Our guide for safe driving during the winter months
- Our top tips for driving in wintry conditions
- How to drive safely in snow and ice
- Don't forget your winter essentials
Clothes and duvets aren’t the only things that need changing when the weather starts to go colder. Drivers should take certain precautions in the darker, colder months to keep themselves and other road users safe.
Keep reading to make sure you’re up to date with the latest winter weather driving tips.
It’s always best to plan ahead
Even though you might not be travelling many places at the moment, make sure you’ve checked the weather before you’re heading out on a trip. As important as it feels to check if it’ll rain at your BBQ in summer, it’s even more important to know if you should expect snow, ice or heavy rain when you’re going on a car journey.
It's also important to pick the right roads and avoid areas that will be particularly weather-beaten. Use navigation apps or a sat-nav to check where traffic is heaviest so you can avoid any accident spots.
When driving, look well ahead for potential hazards to give yourself time to act. It’s also worth fitting winter or all-season tyres to your car if you live somewhere regularly affected by snow or ice, or if you live down a hill or steep driveway that’ll be hard to traverse in icy conditions. If you do decide to change your tyres, it’s best to change all four at the same time.
Driving in heavy rain or on wet roads
The best advice is to slow down and leave enough space between you and the car in front; stopping distances are at least doubled in wet weather conditions. Use dipped headlights so that other drivers can see you more easily (and you don’t blind them) and it’s best to keep your air-con on as this will stop your windows from misting up.
Driving too fast through water could lead to tyres losing contact with the road, which is called ‘aquaplaning’. How can you tell this is happening? Your steering will suddenly feel light. To regain grip, straighten the steering wheel and ease off the gas pedal (but don’t brake). If you have to brake, don’t brake harshly otherwise the car might lose control. Allow your speed to reduce until you gain back full control of the steering again.
Driving in the dark
The RAC advises that drivers turn dipped headlights on about an hour before sunset and keep them on an hour after sunrise to ensure that you’re always clearly visible to other road users. You should only use your full beam on unlit country roads. If you see another car coming towards you on the other side of the road, switch back to dipped beam lights straight away or you’ll dazzle the other driver.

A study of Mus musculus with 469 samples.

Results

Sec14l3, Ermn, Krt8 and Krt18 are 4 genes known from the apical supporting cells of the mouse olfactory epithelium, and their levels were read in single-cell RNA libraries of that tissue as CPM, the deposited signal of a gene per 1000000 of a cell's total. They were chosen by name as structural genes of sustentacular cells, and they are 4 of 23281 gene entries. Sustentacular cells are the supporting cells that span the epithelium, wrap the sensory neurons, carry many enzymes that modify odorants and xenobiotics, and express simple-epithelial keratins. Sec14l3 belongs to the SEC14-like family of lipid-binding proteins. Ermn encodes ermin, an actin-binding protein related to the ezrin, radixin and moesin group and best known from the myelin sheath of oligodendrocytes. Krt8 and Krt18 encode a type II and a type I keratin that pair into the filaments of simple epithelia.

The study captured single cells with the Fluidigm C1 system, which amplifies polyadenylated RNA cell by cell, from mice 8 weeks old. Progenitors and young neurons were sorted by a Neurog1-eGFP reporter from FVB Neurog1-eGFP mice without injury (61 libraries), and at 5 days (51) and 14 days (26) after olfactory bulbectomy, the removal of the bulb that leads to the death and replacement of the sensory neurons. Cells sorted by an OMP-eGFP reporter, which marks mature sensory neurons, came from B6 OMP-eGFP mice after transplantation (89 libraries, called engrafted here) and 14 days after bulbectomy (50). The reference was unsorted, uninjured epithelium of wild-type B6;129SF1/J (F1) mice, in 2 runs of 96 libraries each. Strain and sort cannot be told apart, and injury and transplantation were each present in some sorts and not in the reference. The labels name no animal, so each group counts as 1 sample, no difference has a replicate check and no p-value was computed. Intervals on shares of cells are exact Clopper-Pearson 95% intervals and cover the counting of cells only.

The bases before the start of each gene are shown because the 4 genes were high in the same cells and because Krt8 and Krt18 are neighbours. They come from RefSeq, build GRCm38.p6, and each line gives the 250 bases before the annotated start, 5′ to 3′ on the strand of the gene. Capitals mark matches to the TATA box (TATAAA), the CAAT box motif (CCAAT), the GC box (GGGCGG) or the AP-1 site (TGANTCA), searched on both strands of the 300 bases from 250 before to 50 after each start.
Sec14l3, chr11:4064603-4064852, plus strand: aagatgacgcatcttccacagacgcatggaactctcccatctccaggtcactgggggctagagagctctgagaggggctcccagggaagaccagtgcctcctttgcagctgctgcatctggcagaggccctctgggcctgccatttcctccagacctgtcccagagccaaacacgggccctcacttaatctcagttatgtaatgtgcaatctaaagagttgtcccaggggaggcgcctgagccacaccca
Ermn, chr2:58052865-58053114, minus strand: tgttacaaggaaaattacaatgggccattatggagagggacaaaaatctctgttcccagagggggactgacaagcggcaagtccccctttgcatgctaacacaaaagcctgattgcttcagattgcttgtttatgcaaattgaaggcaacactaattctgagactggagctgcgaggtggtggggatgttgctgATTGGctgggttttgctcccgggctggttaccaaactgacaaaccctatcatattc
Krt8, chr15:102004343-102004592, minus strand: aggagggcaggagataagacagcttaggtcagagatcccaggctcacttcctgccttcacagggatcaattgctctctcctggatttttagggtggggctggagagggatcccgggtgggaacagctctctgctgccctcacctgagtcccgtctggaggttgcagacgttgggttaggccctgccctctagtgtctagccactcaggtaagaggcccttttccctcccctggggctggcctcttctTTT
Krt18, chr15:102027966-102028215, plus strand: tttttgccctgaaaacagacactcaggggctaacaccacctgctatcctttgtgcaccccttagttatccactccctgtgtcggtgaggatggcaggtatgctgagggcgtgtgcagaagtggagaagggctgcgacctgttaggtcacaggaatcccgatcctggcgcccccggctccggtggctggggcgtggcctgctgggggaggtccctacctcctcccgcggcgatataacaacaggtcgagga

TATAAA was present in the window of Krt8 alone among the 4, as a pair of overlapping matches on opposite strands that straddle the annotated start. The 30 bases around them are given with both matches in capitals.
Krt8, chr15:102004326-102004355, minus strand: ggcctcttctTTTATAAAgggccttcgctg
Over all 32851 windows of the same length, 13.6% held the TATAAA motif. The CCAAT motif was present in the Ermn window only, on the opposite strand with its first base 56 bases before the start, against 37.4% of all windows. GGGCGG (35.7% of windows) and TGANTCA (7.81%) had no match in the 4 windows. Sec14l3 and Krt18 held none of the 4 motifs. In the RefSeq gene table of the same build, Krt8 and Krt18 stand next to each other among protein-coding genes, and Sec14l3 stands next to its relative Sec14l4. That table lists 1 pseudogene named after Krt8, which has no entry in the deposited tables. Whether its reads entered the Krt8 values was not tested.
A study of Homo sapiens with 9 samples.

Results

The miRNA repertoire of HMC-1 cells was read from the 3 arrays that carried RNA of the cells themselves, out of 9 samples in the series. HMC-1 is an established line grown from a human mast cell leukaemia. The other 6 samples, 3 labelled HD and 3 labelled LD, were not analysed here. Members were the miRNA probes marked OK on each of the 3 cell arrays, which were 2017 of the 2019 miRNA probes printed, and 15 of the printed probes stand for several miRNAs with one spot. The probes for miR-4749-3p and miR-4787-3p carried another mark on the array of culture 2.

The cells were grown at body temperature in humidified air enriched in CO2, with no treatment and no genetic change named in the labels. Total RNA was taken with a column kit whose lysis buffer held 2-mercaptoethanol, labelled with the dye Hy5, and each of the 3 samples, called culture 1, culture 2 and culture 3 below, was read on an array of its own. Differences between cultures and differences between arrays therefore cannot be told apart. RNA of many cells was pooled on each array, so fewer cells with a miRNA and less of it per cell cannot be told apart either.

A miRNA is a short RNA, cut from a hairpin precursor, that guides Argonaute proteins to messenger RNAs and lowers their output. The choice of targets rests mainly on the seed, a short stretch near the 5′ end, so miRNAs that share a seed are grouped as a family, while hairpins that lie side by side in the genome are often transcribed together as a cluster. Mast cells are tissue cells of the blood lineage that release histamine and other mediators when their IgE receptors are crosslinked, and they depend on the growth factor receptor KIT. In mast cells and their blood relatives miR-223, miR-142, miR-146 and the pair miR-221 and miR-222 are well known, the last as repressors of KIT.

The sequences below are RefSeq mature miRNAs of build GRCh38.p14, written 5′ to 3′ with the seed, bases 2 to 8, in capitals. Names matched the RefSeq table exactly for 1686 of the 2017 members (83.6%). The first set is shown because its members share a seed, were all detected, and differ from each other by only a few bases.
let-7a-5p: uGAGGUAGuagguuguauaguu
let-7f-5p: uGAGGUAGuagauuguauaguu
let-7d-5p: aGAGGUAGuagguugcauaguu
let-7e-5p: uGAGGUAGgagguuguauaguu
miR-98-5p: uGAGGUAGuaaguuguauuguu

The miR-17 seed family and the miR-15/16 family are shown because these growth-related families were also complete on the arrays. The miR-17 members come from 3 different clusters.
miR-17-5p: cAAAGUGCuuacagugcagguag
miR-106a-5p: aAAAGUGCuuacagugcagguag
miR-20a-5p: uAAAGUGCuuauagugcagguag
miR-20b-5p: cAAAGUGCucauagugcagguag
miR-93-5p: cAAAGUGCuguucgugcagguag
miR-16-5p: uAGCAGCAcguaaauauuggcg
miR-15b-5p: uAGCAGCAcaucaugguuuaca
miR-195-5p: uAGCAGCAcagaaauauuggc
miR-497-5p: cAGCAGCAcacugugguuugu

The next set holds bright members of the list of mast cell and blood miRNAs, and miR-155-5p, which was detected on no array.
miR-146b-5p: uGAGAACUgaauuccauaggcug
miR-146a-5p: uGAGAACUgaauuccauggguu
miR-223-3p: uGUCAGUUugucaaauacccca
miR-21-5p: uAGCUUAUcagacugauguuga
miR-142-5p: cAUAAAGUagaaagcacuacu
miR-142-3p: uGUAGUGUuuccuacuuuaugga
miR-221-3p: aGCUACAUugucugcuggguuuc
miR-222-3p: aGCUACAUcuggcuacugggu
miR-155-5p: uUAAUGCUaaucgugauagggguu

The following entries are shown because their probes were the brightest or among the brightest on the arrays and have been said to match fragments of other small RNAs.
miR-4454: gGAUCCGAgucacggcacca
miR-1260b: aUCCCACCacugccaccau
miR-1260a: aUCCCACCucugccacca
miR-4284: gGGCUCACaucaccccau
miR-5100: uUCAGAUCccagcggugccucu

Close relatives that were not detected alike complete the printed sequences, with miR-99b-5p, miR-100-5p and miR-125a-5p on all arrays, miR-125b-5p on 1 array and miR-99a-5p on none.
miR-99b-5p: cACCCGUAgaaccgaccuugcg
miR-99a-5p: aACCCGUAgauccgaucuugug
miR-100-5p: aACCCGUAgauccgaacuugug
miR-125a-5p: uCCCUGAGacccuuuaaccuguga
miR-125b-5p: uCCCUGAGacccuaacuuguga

Take extra care when driving around schools and in residential areas so you have time to react if someone does happen to step out or cycles in front of you suddenly. You should also watch out for animals, particularly on country roads.
If you’re very nervous about night-time driving, it’s always a good idea to brush up your skills with something like a Pass Plus course, which will give you extra skills and techniques for driving in certain situations.
Driving in snow and ice
The most important advice when driving in snow and icy conditions is to take it slow. Stopping distances are 10 times longer than in dry conditions, so you’ll want to drive cautiously. A higher gear may be more appropriate to aid grip on ice or packed snow as well.
If you’re on a hill, leave plenty of room between yourself and other cars in case you or the car in front slides backwards. Keep a constant speed and try to avoid having to change gear on the hill, too. If you have to use your brakes, apply them gently.
Black ice is a thin layer of ice on the road surface. It’s particularly treacherous as it’s transparent, meaning most drivers don’t see it ahead of time. If the temperature is low and the road surface looks wet, be careful and drive with caution.
If you do hit a patch of black ice, don’t panic. Keep the steering wheel straight and maintain your speed. Don’t hit the brakes. Use the gears to slow down if necessary, but avoid any sudden movements that could destabilise the car. The key is staying steady so the car manages to slow itself down.
If you slide or skid in snow or on ice, stay calm and steer gently into it. For example, if the rear of the car is sliding to the right, steer to the right. Don’t brake or accelerate hard as that will encourage the car to steer off course.
If you get stuck in snow, clear the snow from the wheels and the wheel arches. If you’ve got anything like salt, dry dirt or a sandbag in your car, place it in front of the wheels to try to gain traction under your wheels. Essentially, you just need something that will help the wheels gain traction with the road to get it moving.
Some winter essentials
The darker, colder months bring with them increased chances of traffic delays, road accidents and breakdowns - but being prepared makes a world of difference if you end up stuck on the roads!
A torch is very useful if you suffer a breakdown at night, while blankets and warm clothes could be a life-saver if you end up stranded. A battery jump pack, drinkable water, ice scraper, first aid kit, tyre inflator, screenwash and phone battery charger pack are also advisable to carry in your car just in case. You’ll thank yourself if you do!